Last updated: 9 Jan, 2021
After all the progress that has been made in developing software, one would expect that developing software should be a simple, step by step process. Like other engineering processes, the software development process also would have its checks and balances in place, and there would be a greater predictability and control. However, in practice it is hard, as the project failure statistics show (reference 1, reference 2, reference 3). Could it be because the project management is flawed in execution, or could it be because it is rendered less effective for software development because of some inherent issues with the software development process itself?
As we shall see, due to the way software development process is carried out, project management is often blindfolded. Consider below a couple of basic questions:
- What is the actual working of the software?
- What is the percentage progress of my project?
Generally it would be simple to answer those, right? However, in case of software development, the answers are mostly some kind of guesswork, and like any guesswork, they can be right sometimes and wrong some other times. Let’s see why.
- Working: The developer who can describe the exact working of the system is typically the one who implemented the functionality. When that developer leaves the team, some tacit knowledge is lost. There are significant limitations to capture this kind of tacit knowledge in some kind of documentation. Therefore a successor finds it extremely hard to gain that level of mastery, and the project suffers because of that.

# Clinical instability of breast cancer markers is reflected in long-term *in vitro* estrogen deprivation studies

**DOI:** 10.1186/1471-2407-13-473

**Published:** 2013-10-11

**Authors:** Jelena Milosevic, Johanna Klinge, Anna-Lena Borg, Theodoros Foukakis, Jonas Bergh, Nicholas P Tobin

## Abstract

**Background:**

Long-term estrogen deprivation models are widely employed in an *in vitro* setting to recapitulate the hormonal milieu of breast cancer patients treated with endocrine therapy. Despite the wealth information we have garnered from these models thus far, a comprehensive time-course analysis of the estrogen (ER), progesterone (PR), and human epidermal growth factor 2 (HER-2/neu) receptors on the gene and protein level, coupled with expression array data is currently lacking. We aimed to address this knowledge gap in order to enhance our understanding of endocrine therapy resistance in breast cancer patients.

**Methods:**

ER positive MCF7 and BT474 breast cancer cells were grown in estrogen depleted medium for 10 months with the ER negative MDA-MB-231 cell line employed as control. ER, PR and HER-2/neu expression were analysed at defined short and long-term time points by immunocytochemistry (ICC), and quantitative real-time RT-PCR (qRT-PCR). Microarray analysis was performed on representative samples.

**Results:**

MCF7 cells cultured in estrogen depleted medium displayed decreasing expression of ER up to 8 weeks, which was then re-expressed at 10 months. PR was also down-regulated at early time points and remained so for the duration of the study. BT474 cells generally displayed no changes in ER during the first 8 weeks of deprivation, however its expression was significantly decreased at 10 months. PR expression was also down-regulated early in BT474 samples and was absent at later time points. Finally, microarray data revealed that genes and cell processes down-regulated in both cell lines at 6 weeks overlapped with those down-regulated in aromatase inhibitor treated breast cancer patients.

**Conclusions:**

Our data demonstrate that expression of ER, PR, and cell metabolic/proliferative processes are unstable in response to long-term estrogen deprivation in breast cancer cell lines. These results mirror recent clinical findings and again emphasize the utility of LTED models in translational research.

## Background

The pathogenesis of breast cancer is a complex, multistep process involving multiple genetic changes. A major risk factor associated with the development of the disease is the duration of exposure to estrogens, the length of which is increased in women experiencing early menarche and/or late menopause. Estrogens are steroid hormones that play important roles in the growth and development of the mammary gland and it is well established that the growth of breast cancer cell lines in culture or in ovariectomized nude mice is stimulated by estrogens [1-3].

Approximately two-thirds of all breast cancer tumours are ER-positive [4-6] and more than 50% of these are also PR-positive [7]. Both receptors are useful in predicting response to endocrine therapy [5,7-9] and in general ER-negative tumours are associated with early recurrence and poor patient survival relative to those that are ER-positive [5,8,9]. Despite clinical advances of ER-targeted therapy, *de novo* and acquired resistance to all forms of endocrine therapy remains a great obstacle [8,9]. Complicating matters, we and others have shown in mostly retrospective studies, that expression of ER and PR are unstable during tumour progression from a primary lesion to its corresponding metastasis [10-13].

- Progress: The manager asks the developer what is the % progress. Whatever answer the developer gives is fed into their spreadsheet or tracking software, and number crunching is done on that. Note that the number is used as it is because there is no way to cross-verify it. Some times the developer is in the midst of some deep problem-solving and gives some number without much thinking. In other times, there is always a possibility that the developer missed some important aspect of the functionality which could invalidate the number at a later date.
The point is that the critical information such as this is hidden somewhere deep inside the code. The gap between reality and reported numbers keeps growing with project size and age. Indeed, the Project Management Statistics article quotes Gartner that larger projects are more likely to fail. What else would one expect when the management has to operate blindfolded on the basis of guesswork? How can the best of management help this situation?
Fortunately, a solution is emerging in the form of Xsemble. Xsemble deals with exactly those parts of the software development process where one is blindfolded. It brings to surface the critical information that was hitherto hidden within the code. Combined with the other activities which are neatly handled conventionally, we get an end-to-end process of developing software that runs smoothly. The enhanced process provides better visibility, helps you identify and deal with risks better; and generally helps you steer your project to success with more certainty, more confidence.
Here is the Process Flow Diagram of this new process.
For a detailed explanation of this process and the various ways in which it can be used to the project’s advantage, please refer to our white paper. The white paper also suggests 10 ways in which one can use the new information to understand and control the software development process.
If you have any questions / comments / concerns, please use the comments function below. If you need help in applying this process on your software project, write to us at email@example.com.